Sesame oil in glass jar and sesame seeds on wooden spoon

 

Good fats and oils are essential for healthy skin, hair, your belly and even weight loss. They are the “good mood foods” that feed your brain, reduce anxiety and help combat depression.

But not all oils are created equal. And often it can be tricky sorting through all of the options and opinions on oil out there.

First, it’s important to understand how the oil on your shelf was created. To create an oil, it can be pressed, heated or manufactured using chemicals (or any combination of the above). Pressed oils are best, followed by heated oils and lastly, chemically-manufactured products.

Second, it’s important to understand how the oil on your shelf is labeled. Here’s what to look for:

  • Cold Pressed vs. Expeller Pressed – Cold pressed oils are created using a very stable environment with very low heat. Expeller pressed oils are manufactured in a less stable, higher heat environment. Cold pressed is best.
  • Extra Virgin vs. Virgin – Extra virgin oil is the first press and always cold-pressed. It contains all of the nutritive benefits. Virgin oil is the second pressing and, in the processing, has lost some of its nutritive benefits. Go with the extra virgin oil.
  • Refined vs. Unrefined Oils – Unrefined oils are less processed and will therefore retain more of their essential nutrients.

Third, it’s important to understand how to use each oil wisely. Oils do go bad – and rancid oils are a huge health concern. The oxidation of oils causes inflammation in your digestive tract and throughout your entire body. And inflammation, as you know, leads to all types of disease.

Oil can go rancid from being old, so be sure to smell your oil. If it smells badly, throw it away. Oil can go rancid from being improperly stored. Be sure to buy it in dark glass and keep infrequently used oils in the fridge.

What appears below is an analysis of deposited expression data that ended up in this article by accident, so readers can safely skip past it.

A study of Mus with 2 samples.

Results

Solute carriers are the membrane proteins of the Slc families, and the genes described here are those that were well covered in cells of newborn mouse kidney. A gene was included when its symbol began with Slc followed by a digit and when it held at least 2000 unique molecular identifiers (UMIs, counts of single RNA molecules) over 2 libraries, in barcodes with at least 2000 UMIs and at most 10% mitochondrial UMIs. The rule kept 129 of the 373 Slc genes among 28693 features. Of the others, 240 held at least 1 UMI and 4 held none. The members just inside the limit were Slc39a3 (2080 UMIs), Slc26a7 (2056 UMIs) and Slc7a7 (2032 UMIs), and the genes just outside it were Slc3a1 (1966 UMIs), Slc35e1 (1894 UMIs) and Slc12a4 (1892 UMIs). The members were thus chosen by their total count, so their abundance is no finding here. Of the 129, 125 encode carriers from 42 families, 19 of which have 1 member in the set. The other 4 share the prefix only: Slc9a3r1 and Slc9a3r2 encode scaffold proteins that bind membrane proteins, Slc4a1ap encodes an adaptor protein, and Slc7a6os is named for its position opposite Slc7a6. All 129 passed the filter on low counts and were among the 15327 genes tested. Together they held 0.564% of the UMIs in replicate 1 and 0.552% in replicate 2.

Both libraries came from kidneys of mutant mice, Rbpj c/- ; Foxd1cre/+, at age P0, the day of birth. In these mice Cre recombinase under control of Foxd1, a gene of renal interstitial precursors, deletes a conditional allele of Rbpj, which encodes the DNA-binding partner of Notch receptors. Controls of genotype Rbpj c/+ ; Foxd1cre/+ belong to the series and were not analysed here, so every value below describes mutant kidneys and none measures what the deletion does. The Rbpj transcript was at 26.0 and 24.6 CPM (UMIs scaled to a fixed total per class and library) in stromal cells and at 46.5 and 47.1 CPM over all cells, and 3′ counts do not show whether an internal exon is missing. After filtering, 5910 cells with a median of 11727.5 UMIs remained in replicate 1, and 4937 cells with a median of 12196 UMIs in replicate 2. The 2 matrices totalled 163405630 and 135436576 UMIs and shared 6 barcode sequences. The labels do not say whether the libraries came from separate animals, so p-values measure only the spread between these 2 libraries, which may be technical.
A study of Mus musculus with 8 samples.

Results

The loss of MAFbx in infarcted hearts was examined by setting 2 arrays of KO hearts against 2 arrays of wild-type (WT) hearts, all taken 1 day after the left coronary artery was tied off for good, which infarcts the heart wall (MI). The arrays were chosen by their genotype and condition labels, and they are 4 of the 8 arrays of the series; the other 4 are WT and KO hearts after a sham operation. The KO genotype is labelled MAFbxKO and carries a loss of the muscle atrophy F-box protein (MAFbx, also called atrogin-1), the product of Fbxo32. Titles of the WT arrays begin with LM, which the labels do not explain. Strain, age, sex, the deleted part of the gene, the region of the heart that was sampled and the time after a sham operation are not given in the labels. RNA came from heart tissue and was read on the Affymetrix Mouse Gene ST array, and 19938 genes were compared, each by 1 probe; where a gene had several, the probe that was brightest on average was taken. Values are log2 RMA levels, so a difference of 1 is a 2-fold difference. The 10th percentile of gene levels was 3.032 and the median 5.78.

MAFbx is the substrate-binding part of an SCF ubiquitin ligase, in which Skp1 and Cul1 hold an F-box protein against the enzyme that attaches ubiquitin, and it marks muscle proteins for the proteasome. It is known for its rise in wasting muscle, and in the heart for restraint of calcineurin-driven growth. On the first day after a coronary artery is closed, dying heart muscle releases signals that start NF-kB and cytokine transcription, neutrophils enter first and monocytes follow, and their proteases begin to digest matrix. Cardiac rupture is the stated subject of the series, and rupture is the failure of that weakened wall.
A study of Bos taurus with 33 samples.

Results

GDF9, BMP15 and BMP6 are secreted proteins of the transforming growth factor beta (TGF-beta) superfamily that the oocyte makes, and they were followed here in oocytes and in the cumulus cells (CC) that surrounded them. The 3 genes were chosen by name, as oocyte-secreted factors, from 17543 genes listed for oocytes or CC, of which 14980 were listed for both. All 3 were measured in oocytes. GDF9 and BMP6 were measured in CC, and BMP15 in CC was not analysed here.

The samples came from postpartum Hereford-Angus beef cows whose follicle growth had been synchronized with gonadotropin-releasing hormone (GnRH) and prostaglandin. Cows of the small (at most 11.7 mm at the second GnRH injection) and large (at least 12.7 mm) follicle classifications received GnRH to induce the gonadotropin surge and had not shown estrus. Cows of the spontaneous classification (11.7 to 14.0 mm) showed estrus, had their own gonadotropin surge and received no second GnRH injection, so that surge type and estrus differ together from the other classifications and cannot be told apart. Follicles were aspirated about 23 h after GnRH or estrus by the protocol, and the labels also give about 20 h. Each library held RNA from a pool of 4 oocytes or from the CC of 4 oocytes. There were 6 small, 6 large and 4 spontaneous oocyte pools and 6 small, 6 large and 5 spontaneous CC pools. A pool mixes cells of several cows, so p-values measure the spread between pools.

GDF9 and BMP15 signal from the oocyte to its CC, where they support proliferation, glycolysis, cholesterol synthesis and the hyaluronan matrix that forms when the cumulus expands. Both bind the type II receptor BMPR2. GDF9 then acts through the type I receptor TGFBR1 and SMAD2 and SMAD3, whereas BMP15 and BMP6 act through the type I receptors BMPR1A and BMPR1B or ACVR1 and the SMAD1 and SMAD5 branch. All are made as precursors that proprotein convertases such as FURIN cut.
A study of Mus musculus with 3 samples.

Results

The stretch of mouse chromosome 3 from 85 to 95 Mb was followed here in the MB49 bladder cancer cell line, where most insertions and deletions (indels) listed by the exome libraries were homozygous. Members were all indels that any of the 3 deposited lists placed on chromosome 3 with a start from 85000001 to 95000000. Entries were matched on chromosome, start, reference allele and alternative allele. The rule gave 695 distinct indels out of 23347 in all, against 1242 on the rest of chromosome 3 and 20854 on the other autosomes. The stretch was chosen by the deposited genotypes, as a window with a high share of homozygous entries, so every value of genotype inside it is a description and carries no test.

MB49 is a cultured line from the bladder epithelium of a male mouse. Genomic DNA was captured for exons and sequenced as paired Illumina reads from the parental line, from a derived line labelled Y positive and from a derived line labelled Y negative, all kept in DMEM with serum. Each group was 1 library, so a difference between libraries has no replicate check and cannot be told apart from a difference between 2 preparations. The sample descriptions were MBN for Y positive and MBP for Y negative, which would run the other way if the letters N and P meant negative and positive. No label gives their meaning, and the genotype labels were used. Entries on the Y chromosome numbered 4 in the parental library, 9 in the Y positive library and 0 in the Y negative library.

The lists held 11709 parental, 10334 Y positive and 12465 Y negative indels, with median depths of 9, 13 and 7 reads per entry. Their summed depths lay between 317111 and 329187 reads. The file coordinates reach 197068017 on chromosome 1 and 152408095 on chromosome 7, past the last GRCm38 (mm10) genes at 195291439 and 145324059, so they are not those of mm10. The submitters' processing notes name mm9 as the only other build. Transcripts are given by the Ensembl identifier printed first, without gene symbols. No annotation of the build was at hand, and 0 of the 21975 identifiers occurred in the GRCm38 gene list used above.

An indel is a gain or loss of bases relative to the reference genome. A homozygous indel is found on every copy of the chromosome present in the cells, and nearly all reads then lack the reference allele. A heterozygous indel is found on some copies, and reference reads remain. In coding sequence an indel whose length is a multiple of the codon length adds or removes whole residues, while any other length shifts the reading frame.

Finally, oil can also go rancid from overheating. Overheating oils is one of the most common kitchen mistakes I see in my practice. How do you know if you’re over-heating your oils? Each oil has a smoke point and understanding that smoke point is key. In other words if you see your oil “smoke”, it has gone rancid and should be thrown out.

Here’s a peek at my well-stocked oil shelf and my recommendations for their best use:

  1. Extra Virgin Olive Oil – Medium to low heat cooking
  2. Coconut Oil – Highest heat cooking
  3. Ghee – Highest heat cooking
  4. Cacao Butter – Highest heat cooking
  5. Flax Oil – No heat cooking
  6. Hemp Oil – No heat cooking
  7. Sesame Oil – No heat cooking
  8. Walnut Oil – No heat cooking
  9. Avocado Oil – No heat cooking

Your Simple Action Plan:
Upgrade your kitchen pantry this week with higher quality oils.
Not all brands are created equal! Here are a couple of my favorites to get you started:
Carrington Farms Organic Extra Virgin Coconut Oil, 54 Ounce
Purity Farm Organic Ghee, 13 Ounce

KITCHEN ESSENTIALS are the foods I always have on hand, not the fresh foods I pick up every week.  With well-stocked kitchen basics, you should be able to survive an empty fridge for one to two days or more!  And, shopping becomes a breeze!